Colorado Marijuana
3-D Denver Discrete Dispensary prepares to open for retail sales in Denver, Jan, 1, 2014. The Supreme Court refused to hear a case Monday arguing that the legalization of recreational marijuana sales in Colorado had adverse effects for neighboring states. Theo Stroomer/Getty Images

The U.S. Supreme Court turned down Monday the opportunity to hear cases brought by Nebraska and Oklahoma that argued Colorado's legalization of recreational marijuana sales had triggered an influx of the drug into their states, leading to increased illegal drug use and crime. The decision is a huge win for supporters of marijuana legalization and suggests the court is reluctant to interfere with state lawmakers on the issue.

Nebraska and Oklahoma had argued that Colorado law conflicts with federal law and that the federal Controlled Substances Act, which bans the sale of marijuana as a dangerous drug, preempts statewide legalization. Colorado voted to legalize marijuana in 2012. Lawyers arguing on Colorado's behalf claimed it is not responsible for the behavior of individual purchasers who may have transported the drug into neighboring states, adding that Colorado prohibits interstate commerce of marijuana and requires background checks for growers and vendors.

"Colorado does not intend, nor has it attempted, to reach across the border to invade the plaintiff states’ sovereign rights," the state argued in its brief to the court, according to USA Today. "Indeed, it is Colorado’s sovereignty that is at stake here: Nebraska and Oklahoma filed this case in an attempt to reach across their borders and selectively invalidate state laws with which they disagree."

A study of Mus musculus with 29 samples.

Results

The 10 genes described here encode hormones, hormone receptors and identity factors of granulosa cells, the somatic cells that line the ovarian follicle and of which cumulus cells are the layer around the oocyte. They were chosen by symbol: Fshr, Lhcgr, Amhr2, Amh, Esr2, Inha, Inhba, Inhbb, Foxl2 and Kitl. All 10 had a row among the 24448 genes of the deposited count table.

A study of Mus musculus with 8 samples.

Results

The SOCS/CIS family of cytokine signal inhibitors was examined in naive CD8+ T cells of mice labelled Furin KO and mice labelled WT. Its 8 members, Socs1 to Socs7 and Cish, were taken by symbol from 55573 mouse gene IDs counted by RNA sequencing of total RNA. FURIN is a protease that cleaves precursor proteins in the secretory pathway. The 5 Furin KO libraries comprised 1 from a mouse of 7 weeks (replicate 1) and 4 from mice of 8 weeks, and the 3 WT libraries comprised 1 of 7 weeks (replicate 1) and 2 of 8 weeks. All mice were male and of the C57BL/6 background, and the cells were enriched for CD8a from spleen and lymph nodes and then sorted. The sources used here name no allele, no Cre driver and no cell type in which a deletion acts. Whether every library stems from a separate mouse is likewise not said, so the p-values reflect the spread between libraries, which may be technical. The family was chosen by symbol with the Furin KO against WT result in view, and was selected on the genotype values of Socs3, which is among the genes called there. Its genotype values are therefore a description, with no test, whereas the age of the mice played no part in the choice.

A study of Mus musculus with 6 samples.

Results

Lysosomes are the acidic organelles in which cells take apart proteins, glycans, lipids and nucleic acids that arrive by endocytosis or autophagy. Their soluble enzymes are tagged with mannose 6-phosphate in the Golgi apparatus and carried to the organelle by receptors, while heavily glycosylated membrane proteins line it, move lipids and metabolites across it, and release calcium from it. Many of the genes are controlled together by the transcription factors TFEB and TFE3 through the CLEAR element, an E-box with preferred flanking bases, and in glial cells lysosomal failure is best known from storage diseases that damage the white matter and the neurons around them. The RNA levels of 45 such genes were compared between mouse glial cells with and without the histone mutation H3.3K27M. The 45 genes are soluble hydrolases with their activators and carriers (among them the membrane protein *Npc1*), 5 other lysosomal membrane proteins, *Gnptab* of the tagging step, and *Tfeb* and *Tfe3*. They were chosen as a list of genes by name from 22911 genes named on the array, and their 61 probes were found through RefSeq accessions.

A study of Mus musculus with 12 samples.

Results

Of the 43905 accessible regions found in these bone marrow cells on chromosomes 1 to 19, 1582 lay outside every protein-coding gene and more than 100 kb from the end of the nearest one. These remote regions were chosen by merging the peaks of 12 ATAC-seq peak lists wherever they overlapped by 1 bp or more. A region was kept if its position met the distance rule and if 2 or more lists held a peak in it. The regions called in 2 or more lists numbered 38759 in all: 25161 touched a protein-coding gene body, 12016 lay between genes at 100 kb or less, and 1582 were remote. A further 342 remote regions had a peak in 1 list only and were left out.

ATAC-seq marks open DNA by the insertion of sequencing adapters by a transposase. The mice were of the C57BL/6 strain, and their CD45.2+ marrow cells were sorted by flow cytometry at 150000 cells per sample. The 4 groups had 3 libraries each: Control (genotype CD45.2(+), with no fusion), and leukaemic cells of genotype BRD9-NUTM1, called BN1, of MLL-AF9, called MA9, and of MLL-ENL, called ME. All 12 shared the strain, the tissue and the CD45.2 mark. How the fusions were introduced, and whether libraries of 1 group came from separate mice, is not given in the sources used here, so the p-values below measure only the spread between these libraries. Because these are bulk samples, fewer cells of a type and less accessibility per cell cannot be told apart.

The court, operating with the vacancy created by the death of Justice Antonin Scalia in February, did not comment on the decision not to take the case. Only Justices Clarence Thomas and Samuel A. Alito Jr. dissented.

“The plaintiffs have alleged significant harm to their sovereign interests caused by another state,” Thomas wrote. “Whatever the merits of the plaintiff state’s claims, we should let this complaint proceed further rather than denying leave without so much as a word of explanation."

Nebraska and Oklahoma had taken their case directly to the Supreme Court without first arguing before any lower courts, so if the states persist, the issue could still eventually come before the Supreme Court at a later date. For now, though, the decision is a win for legalization advocates.

"This case, if it went forward and the court ruled the wrong way, had the potential to roll back many of the gains our movement has achieved to date," said Tom Angell, chairman of advocacy group Marijuana Majority. "The justices correctly decided that this lawsuit is without merit and that states should be able to move forward with implementing voter-approved legalization laws even if their neighbors don’t like it. At the end of the day, if officials in Nebraska and Oklahoma are upset about how much time and resources their police are spending on marijuana cases, as they said in their briefs, they should join Colorado in replacing prohibition with legalization."